Australian Woman Arrested For Theft Of 100,000 XRP From Elderly Man

An Australian woman was arrested for allegedly stealing 100,000 XPR worth almost half a million dollars at the time of the crime from an elderly man.


Sydney police have arrested a 23-year-old woman accused of being behind Australia’s biggest cryptocurrency theft case to date.

The woman is said to have stolen $65,000 worth of crypto from a 56-year-old man, though that amount was a staggering $450,000 at the time of the theft in January.

Media reports indicate that riot police raided the suspect’s parents’ home at Epping on Thursday, October 23, and arrested the 23-year-old woman. During the search that followed the raid, police confiscated several electronic devices and documents.

It is not known if the woman acted alone or she was part of a wider team. A court has granted her bail, and she expected to appear before a judge at Burwood Local Court on November 19.

What happened

Local news outlet Brisbane Times has reported that the suspect stole the digital assets after hacking into her victim’s email account.

In an attack that happened in January 2018, the hacker exploited the two-step authentication feature, changed the password and verified it using her mobile number.

It is alleged that she was able to login to the victim’s email accounts, accessed the crypto wallet and sent about 100,000 XRP to one of her exchange accounts in China.

The suspect converted the XRP tokens into Bitcoins before transferring the BTC to several wallets.

Reports say that although the victim eventually got access to their account after struggling for two days, he found his crypto accounts wiped clean.

Significant crime for Australian cybercrime unit

According to Cybercrime Squad commander Arthur Katsogiannis, the theft is a “significant crime,” the first of its kind the country’s law enforcement agencies have been investigating.

The commander told reporters:

“It’s a very significant crime and it’s the first we know of its type in Australia where an individual has been arrested and charged for the technology-enabled theft of cryptocurrency,”

He, however, cautioned that the country is likely to see more of such arrests in the future, with increased hackings within the crypto industry likely to become a significant threat to interested investors.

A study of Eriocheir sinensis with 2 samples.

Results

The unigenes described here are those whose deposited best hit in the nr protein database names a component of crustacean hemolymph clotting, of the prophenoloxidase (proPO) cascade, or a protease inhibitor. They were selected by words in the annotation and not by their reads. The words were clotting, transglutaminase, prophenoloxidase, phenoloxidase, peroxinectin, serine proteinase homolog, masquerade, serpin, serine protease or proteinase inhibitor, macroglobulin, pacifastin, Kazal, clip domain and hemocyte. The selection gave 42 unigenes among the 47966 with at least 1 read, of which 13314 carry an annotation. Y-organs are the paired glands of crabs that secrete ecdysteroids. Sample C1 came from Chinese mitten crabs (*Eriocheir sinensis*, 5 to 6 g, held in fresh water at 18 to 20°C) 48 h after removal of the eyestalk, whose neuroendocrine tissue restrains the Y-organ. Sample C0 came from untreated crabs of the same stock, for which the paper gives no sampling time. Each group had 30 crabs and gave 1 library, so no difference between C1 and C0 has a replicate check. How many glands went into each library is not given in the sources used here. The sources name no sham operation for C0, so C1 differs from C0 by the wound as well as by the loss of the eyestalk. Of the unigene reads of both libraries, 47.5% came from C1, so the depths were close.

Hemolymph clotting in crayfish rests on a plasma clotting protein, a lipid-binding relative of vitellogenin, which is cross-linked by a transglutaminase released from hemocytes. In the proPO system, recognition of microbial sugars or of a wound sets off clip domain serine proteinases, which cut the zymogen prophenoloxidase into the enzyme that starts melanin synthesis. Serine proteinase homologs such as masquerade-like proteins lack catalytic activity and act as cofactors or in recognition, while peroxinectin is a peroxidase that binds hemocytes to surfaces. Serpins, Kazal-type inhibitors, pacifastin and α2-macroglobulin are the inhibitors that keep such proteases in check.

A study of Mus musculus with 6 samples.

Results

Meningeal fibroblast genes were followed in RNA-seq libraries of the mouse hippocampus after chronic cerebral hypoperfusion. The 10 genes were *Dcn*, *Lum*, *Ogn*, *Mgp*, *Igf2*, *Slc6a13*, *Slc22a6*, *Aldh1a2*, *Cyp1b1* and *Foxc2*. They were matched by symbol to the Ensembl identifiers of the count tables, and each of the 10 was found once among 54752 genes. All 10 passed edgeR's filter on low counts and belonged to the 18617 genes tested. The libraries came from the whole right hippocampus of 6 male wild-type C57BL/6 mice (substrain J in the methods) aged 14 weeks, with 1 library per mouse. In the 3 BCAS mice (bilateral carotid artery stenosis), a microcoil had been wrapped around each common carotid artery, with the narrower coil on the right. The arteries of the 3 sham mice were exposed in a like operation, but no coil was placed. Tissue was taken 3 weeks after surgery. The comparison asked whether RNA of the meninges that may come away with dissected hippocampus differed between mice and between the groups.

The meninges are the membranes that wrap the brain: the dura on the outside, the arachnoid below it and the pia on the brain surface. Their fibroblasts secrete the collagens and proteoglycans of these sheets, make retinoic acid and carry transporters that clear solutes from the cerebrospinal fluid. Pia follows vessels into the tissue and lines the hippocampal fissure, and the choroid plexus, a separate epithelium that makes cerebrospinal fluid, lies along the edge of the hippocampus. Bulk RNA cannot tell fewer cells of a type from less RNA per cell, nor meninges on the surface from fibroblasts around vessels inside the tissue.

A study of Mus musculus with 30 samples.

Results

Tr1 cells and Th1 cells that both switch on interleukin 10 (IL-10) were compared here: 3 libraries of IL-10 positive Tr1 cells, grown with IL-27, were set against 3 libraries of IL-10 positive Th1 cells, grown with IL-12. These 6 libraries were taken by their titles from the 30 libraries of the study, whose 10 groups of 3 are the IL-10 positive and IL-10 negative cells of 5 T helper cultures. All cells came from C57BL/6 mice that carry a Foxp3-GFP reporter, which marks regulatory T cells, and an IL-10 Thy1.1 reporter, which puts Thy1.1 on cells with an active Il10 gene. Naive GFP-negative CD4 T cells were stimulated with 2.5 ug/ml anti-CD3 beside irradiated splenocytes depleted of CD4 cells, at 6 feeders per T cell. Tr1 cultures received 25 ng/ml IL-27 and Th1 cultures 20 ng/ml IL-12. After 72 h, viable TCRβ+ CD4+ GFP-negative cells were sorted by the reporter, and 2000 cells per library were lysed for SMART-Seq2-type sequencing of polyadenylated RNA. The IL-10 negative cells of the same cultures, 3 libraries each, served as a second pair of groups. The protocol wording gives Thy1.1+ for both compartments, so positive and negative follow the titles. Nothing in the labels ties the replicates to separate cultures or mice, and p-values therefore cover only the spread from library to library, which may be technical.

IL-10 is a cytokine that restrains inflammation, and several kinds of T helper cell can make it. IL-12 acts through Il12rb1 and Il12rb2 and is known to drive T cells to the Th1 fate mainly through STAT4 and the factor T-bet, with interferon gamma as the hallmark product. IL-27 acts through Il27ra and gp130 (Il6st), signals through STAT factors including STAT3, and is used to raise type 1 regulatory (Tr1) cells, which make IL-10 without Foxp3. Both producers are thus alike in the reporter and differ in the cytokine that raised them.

He added:

“Personal information is a very valuable commodity to the criminals and it should be treated and secured as you would cash.”

Rising cases of Cryptocurrency-related crimes

The crypto industry continues to attract more attention as an investment tool with expectations high for a price boom similar to the 2017 surge.

Unfortunately, the more crypto becomes widely accepted, the more cases of hacking and fraud there is.

Hacks or cyber attacks in crypto are not a new phenomenon. Both individuals and exchanges have been hit, with millions lost. While some hacker groups like the infamous Lazarus enjoy state sponsorship, many other attacks are carried out by individuals.

In the last 18 months, over $882 million worth of crypto has been lost via hacks with reports suggesting Lazarus is responsible for $571 million or 65% of the stolen funds.

In August, Chinese Police arrested three men accused of stealing nearly $87.3 million worth of cryptocurrency. In September, Oklahoma police arrested two men for allegedly stealing over $14 million of the token CMCT from IT firm Crowd Machine.

As well as the infamous Mt.Gox, this year has seen a few cases of cyber attacks with millions lost. The record-breaking hack at Japan’s Coincheck exchange where NEM coins worth $530 million was stolen and the $60 million stolen from Zaif crypto exchange are some of the high profile cases.

Most of the attacks utilize traditional methods like spear phishing and malware, and especially vulnerable are those who use the same login details and passwords across several online accounts.

While hackers can target any given coin, the most targeted are Bitcoin (BTC) and Ripple (XRP). Monero (XMR) remains the most popular coin for those who carry out cryptojacking attacks.